Of Time and the Railway, an artist film by Robert Davies, is showing at Oriel Plas Glyn y Weddw as part of the gallery's winter season of exhibitions (see previous post).
The film was recorded from a fixed camera in the driver's cab of a train travelling from Birmingham to Aberystwyth on 86 different days and then edited into a single journey, moving through different times of day and different seasons.
I came to North Wales by train via Somerset (yes, a very roundabout route from Cumbria!). A tunnel took the train under the Severn Estuary (the estuary is the geographical star of Philip Gross's poetry collection The Water Table), and on to Newport where I changed trains for the service to Holyhead. I travelled the whole length of the Welsh Border and then along the North Wales coast to Bangor. It seemed an epic journey for the little two carriage diesel on a a route from south to north, running counter to the roads that go from east to west, trading between the two countries. What a beautiful journey - the train weaving in and out of England and Wales, into small towns then out into the countryside.
I travel through Abergavenny (the town by the river Usk with its associations with the seventeenth century Metaphysical poet, Henry Vaughan). Then on through A E Houseman Shropshire Lad country, stopping at Ludlow, where the poet's ashes are buried (marked by a memorial in the churchyard). The train squeezes between the hills of the Long Mynd and Caer Caradoc and stops at Church Stretton. My father would cycle here from Birmingham when he was in his teens.
The recent heavy rain has left impromptu pools in fields, and these new patches of water have been quickly colonised by ducks, gulls, even swans. I see winter flocks of rooks and small unidentifiable brown birds flying over. A council somewhere along the route has adopted the image of a red kite on a local transport services poster, which I glimpse at one of the stations.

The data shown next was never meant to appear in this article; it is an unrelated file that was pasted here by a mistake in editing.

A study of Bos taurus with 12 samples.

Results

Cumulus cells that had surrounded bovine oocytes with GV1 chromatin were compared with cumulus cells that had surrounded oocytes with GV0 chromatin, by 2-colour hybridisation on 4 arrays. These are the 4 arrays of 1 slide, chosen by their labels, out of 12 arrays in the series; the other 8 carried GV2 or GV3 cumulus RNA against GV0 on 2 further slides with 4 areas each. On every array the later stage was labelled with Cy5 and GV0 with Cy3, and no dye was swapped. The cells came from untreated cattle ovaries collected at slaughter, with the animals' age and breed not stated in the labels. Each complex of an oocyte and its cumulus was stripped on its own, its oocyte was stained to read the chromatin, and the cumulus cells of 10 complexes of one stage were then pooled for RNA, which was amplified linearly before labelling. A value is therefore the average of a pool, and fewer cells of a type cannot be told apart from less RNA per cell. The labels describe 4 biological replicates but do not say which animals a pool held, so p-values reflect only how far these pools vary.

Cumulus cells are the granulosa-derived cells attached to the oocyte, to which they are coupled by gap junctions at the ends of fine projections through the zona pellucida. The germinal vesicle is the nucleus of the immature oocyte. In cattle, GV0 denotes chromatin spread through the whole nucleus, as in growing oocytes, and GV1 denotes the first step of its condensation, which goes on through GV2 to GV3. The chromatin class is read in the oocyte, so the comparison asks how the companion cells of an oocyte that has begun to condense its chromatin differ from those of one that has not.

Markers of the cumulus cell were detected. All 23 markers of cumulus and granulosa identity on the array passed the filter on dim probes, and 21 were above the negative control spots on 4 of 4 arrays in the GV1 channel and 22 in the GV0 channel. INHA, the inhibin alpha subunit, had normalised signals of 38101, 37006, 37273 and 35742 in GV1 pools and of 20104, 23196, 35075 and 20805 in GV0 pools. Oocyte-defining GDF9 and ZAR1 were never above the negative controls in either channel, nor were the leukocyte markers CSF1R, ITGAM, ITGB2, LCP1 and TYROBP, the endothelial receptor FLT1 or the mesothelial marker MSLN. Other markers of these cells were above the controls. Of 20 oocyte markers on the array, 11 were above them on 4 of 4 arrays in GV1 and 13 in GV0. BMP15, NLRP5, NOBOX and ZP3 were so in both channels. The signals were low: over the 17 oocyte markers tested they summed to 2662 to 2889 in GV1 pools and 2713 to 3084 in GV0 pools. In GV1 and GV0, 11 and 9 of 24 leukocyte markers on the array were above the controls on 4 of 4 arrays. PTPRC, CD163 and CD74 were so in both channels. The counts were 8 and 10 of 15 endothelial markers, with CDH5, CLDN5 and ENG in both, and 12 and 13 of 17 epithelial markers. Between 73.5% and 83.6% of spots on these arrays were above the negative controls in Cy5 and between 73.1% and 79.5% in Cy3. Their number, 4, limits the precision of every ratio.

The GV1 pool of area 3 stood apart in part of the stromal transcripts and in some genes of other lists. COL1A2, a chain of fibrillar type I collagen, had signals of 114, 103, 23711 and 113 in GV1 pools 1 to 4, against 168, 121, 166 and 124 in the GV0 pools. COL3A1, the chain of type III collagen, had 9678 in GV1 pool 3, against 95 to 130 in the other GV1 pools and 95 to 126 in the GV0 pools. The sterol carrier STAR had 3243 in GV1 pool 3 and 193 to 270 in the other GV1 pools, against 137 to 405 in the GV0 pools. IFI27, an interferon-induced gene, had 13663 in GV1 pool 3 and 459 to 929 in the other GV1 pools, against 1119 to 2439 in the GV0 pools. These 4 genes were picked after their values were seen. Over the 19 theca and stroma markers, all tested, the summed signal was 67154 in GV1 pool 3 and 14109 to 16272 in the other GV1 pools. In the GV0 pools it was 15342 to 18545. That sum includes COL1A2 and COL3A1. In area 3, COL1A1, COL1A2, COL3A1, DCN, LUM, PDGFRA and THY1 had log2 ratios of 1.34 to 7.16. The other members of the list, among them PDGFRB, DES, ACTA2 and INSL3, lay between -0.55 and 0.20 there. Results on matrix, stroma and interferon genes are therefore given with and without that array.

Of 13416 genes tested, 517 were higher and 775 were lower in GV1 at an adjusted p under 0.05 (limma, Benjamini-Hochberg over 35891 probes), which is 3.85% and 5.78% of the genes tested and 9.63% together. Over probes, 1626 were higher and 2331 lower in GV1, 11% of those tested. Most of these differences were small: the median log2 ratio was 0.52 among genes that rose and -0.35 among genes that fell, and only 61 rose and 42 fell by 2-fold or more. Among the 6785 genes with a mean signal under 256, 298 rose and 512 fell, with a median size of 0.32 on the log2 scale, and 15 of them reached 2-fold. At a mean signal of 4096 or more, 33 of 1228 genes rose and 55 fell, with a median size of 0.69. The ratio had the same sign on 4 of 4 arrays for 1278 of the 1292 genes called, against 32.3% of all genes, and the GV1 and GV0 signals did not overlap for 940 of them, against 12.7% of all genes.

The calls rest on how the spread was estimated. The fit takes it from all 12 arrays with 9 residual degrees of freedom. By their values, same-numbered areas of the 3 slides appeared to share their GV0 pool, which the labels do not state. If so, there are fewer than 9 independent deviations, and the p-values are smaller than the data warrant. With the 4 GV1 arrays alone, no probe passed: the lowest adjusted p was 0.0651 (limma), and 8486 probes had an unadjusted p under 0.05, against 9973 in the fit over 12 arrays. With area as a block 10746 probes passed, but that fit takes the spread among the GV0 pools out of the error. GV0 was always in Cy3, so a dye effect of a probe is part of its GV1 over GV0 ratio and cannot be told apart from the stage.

The bilingual "Y Waun/Chirk" sign reminds me that I'm back on the Welsh side of the border - Chirk and Wrexham have links with the artist Mildred Elsi Eldridge, who was married to the poet R S Thomas. At Chester the line passes the Racecourse, the Roodee, the oldest functioning racecourse in England. It's deserted today, except for one man and his dog crossing the inside of the large lop-sided circle of the course.
Over the river Dee, into Wales again, and the railway realigns itself westwards. In the distance the Wirral (where I lived for three years), the distant houses of Parkgate a brilliant white in the sunshine. Tidal sandflats probed by long-beaked waders. There are caravan sites and the coastal resorts of Prestatyn, Rhyl, Colwyn Bay. I think of Larkin's vandalised poster in "Come to Sunny Prestatyn", then remember that he wrote what is a classic railway poem, "The Whitsun Weddings".
The sun glints off the blades of offshore wind turbines. The railway and the sea keep good company along the North Wales coast line. Sometimes the train window frames a square of sea - it's like looking from a ship. Razor blue waves are being blown in on an incoming tide.
My destination is Bangor, a kind of gateway to the Lleyn peninsula. Bangor is now the end of the branch line which Beeching axed - the route ran through Caernarfon and on to Afon Wen, linking with the northern end of the Cambrian coast line. I'm dependent on a hired car from here on. Caernarfon is the home of the writer Patrick McGuinness, a fine poet and novelist. I particularly like his "Walls Lleyn" (in The Canals of Mars) which has gaps between words, just as a drystone wall is "half stone half hole".
A Lleyn poet who deserves to be better known is Christine Evans. Her beautiful poem "Letting in the Light" is engraved on the glass wall of the gallery's film theatre where Robert Davies' Of Time and the Railway is being shown.